It’s a new dawn for the Leavenworth High girls’ basketball program.

After being part of five state playoff teams, Jordan Mellott left the program in June to become the assistant coach at Har-Ber High School’s girls’ program in Arkansas.

Mellott oversaw a Class 5A state title team, a runners-up team and a third-place team from 2015-2017 while he assisted another state title team in 2014.

Enter Derek Bissett.

Bissett has coached in Kansas before – working at Colby and Nemaha Central – while also doing some work in Sheridan, Wyoming, and most recently, Auburn, Nebraska.

He has won more than 300 games and seen six of his teams qualify for state tournaments. Three of those teams played for a state title.

His 2007 girls team in Colby won a state title while his 2011 edition in Sheridan was second. In 2003, he led the Colby boys to a state runner-up finish as well.

Last season at Auburn, Bissett’s squad finished 20-5.

It appears that the LVHS girls have themselves another winner to take them onward and upward.

“We’re still trying to get to know each other,” Bissett said. “They are a great group of kids and I am still learning some things with them. They’ve had good success and I don’t want to come in and change everything. We want to continue to do the same things that brought success and tweak some things. It’s like from year to year where you have to tweak things when you have different players with different strengths.”

The team loses two top seniors in Terrion Moore and Zoie Hayward from last year’s team. The team has said that as of this summer, returning senior Aarika Lister may not play in order to focus on track. Lister was not reached for comment.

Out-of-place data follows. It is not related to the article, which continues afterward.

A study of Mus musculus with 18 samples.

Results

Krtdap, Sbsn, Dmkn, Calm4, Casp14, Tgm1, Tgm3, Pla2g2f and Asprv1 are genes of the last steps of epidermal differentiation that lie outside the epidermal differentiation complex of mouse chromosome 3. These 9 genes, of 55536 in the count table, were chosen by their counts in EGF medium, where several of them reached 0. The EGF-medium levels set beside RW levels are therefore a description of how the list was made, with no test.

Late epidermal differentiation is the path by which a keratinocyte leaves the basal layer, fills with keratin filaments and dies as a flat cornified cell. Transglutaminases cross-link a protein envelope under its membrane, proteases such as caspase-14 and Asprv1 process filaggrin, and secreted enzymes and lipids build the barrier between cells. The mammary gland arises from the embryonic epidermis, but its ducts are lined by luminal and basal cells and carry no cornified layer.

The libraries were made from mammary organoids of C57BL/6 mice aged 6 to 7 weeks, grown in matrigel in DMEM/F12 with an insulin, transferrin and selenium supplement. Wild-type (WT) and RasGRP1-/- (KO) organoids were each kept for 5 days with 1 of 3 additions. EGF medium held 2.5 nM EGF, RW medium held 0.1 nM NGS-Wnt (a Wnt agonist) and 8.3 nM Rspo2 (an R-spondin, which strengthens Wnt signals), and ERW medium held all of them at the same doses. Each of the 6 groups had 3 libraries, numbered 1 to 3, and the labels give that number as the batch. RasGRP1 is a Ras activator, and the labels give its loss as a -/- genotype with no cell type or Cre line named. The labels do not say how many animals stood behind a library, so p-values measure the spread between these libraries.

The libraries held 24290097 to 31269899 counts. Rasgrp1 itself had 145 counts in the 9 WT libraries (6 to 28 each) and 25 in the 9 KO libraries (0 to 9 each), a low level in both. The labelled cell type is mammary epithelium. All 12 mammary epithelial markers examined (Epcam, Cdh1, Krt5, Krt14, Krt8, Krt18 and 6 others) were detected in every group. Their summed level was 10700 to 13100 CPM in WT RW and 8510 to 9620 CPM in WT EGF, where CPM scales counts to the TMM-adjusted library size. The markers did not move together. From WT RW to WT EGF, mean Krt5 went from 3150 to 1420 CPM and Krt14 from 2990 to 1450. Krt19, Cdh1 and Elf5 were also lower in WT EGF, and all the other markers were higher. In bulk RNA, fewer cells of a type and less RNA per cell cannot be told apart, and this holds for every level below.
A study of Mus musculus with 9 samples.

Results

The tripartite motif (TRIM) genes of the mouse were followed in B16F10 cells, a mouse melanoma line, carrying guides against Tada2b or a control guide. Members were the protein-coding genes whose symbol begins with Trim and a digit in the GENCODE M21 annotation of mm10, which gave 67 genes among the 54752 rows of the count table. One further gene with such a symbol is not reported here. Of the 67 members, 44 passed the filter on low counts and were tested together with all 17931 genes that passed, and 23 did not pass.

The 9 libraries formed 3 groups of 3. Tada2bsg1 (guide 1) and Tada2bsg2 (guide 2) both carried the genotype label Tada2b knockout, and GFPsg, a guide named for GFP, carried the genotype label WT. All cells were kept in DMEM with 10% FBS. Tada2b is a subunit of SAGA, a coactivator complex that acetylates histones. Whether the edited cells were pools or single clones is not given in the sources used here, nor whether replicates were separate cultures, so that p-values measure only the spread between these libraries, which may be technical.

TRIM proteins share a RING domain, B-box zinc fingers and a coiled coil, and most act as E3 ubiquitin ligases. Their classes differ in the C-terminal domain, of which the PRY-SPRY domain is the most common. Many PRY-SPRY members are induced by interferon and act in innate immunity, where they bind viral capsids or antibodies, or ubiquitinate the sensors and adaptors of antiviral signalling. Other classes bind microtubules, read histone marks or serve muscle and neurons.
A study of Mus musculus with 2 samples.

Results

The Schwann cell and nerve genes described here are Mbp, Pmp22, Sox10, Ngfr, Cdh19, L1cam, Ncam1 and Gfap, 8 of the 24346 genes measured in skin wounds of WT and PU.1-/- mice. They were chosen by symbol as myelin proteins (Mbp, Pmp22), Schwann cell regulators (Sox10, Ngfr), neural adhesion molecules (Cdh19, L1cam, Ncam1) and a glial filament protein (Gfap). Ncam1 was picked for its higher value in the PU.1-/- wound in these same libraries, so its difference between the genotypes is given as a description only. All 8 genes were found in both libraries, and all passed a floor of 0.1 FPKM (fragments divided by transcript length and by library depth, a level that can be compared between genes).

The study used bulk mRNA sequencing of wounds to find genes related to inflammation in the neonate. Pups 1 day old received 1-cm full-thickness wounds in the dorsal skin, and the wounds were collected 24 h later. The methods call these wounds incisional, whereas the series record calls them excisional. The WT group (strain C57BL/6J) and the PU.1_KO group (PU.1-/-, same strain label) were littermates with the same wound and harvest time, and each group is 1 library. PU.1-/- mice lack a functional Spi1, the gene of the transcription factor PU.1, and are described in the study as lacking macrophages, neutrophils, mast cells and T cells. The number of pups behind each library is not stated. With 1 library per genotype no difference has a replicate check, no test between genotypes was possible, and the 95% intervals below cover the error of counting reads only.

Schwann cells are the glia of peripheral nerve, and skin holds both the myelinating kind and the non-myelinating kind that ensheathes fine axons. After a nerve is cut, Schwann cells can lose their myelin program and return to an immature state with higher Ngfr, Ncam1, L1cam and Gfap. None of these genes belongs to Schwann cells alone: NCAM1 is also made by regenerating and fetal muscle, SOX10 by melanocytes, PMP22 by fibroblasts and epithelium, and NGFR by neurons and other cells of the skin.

“It’s a new team of course and a new coach, but everything is going OK so far,” junior Alyche Brown said earlier in the summer. “We are still getting used to each other. We lost Terrion and Zoie, but we still have most of the same people, so we should be OK.

“We can’t depend on two players anymore and we have to do it as a team. Last year, we depended on certain players to finish the job for us sometimes. We have new players coming in and we have to teach them all over again on how to trap, defend and work on our offense. Once we get it down, we should be OK.”

Junior post McKenzie Brown has had more expectations heaped upon her after her strong finish to the previous campaign.

“I’m up for it and I am going to give it all I’ve got this summer,” she said. “I am just going to try and step up more and have more of a captain role – even though I am not a captain. We are pretty young so I will have to step up a lot and push everybody.

“We are all learning new stuff and I think we’re getting along pretty well. We are just going one practice at a time. We have to lock down on defense and we have to do a lot more ball movement to get people open and find open shots. It’s about doing a lot of the little things.”

Bissett hopes to keep some of Mellott’s assistants in the fold.

“You want to have continuity, because that’s important to kids,” Bissett said. “That helps them to feel comfortable as much as anything. We have quality individuals with the coaching staff and the players and a good system in play. We just want to get the kids to play hard.”

“It’s very important, because if everything was new it would be very different for us and it would be hard getting used to new things,” Alyche Brown said. “So, I am glad some have stayed.”

Bissett is not afraid of walking into a program with a sterling, recent run of excellence and is glad to do so.

“The greatest thing you can have as a coach is a program that has expectations where the community, the kids and the school want to have success,” Bissett said. “It’s hard to build tradition. When you have tradition, the kids understand it’s not always about them, but the program and continued success. They want the kids that came before them – now that they have grown up – to respect them and continue that legacy.

“I have been at a couple of different programs that had good success so I know how to deal with that coming in. It’s just that so much of it is what a community’s expectations are. In some communities, kids grow up playing basketball and in other communities they do something else. This is a basketball community that wants to have success and we want to build on that legacy.”